Seven Days VT, October 2, 2019 – Molly Walsh
Since the 2013 announcement that F-35 fighter jets would be based at Burlington International Airport, the planes’ noise impact has been heavily debated. Through it all, Ed and Gail Garvey decided to stay in their pale green ranch-style home a few hundred feet from the runway as bulldozers demolished the houses all around them.
The retirees at 44 Dumont Avenue resisted offers to sell their home to the airport because they didn’t want to leave where they had lived happily for decades. But when they heard about a new kind of soundproofing assistance, courtesy of a Federal Aviation Administration grant, they expected that their location would qualify.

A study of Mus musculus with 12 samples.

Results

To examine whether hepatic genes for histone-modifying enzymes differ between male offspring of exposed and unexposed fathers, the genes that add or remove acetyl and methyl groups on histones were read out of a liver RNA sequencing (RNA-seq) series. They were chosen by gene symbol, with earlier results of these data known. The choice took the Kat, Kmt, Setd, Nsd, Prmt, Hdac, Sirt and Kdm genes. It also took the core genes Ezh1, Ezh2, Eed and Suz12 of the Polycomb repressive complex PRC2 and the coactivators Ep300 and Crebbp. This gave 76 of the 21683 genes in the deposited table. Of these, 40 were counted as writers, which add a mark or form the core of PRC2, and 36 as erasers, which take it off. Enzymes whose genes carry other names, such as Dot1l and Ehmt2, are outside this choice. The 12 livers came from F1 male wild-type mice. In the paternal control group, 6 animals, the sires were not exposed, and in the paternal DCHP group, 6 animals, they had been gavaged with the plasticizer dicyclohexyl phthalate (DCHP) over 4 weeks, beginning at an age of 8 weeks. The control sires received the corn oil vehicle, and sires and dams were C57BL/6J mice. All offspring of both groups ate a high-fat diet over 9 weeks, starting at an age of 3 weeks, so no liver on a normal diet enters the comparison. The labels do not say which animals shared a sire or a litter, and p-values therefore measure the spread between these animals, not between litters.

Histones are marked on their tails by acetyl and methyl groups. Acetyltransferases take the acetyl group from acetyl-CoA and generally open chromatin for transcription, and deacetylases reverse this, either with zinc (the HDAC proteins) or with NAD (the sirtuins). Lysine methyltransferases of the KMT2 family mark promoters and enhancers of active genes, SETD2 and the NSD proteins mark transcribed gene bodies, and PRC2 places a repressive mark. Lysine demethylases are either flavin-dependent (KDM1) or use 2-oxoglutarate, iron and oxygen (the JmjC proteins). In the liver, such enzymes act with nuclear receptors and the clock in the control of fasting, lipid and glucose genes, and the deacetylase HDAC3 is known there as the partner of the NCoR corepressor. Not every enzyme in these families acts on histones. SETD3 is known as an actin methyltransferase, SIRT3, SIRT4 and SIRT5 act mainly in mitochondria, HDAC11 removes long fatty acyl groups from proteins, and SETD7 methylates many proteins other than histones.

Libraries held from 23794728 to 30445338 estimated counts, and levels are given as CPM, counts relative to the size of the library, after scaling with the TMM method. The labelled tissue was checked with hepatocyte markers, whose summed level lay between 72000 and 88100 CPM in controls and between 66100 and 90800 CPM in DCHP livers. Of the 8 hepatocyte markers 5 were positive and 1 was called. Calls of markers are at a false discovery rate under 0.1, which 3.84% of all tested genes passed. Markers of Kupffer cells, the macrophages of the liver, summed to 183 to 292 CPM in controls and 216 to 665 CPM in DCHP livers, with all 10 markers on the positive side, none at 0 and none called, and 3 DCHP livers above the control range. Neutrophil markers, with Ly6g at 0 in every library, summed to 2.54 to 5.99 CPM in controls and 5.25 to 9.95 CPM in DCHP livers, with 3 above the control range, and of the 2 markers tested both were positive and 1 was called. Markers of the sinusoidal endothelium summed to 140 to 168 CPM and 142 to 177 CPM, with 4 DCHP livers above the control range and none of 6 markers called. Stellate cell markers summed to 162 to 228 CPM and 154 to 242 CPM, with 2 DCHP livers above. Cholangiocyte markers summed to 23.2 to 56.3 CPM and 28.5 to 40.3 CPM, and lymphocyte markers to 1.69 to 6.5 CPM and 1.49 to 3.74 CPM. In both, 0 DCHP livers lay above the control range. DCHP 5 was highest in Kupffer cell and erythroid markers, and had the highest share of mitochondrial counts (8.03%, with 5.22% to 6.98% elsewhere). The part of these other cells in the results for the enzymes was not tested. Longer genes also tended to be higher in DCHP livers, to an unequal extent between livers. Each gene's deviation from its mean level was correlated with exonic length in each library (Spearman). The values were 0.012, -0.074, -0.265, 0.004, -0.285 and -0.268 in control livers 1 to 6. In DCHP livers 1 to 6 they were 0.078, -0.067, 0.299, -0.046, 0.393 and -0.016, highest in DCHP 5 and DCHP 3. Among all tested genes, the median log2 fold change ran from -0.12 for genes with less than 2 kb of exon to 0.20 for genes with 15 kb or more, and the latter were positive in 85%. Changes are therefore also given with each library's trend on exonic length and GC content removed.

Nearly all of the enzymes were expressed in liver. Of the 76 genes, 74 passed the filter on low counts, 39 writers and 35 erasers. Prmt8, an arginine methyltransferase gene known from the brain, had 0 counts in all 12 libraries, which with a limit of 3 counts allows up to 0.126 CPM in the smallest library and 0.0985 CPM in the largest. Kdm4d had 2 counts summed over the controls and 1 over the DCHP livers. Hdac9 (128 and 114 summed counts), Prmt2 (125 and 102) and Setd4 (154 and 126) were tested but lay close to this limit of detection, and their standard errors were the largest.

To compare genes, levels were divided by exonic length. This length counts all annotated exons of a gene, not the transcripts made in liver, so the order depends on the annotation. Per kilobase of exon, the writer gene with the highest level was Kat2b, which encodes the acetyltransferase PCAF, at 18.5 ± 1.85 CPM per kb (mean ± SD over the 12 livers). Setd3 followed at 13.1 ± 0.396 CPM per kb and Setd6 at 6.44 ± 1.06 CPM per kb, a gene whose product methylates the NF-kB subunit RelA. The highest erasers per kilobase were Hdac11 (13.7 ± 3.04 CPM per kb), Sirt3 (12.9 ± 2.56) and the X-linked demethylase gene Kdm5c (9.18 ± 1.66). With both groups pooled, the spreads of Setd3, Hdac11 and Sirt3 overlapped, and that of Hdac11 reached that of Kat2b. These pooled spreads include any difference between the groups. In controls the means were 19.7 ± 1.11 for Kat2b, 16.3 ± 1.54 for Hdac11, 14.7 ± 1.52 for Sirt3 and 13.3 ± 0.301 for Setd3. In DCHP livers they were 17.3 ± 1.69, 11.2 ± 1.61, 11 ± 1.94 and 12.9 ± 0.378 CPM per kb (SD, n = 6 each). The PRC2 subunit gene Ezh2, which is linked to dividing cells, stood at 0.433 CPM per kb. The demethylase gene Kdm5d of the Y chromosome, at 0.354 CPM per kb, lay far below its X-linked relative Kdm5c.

Ed Garvey said he got bad news when he called the airport in late September, the same week the first two F-35s arrived.
The airport’s growth, and accompanying din, prompted buyouts under a noise mitigation program. Over the next two decades, FAA grants enabled the airport to acquire and tear down more than 150 homes in South Burlington. “A lot of good neighbors got scared away,” Ed said. “Some of them were afraid that they were going to be required to sell. They decided: We’re going to take whatever they can give us and get away.”
The Garveys declined multiple offers for their home. “We liked it here, and it was OK with the other planes,” said Gail, a retired secretary. But that was before four F-35s made an unscheduled stop in Burlington at the end of May.
Four months later, the couple inquired about soundproofing and got the final word that the government won’t pay for it.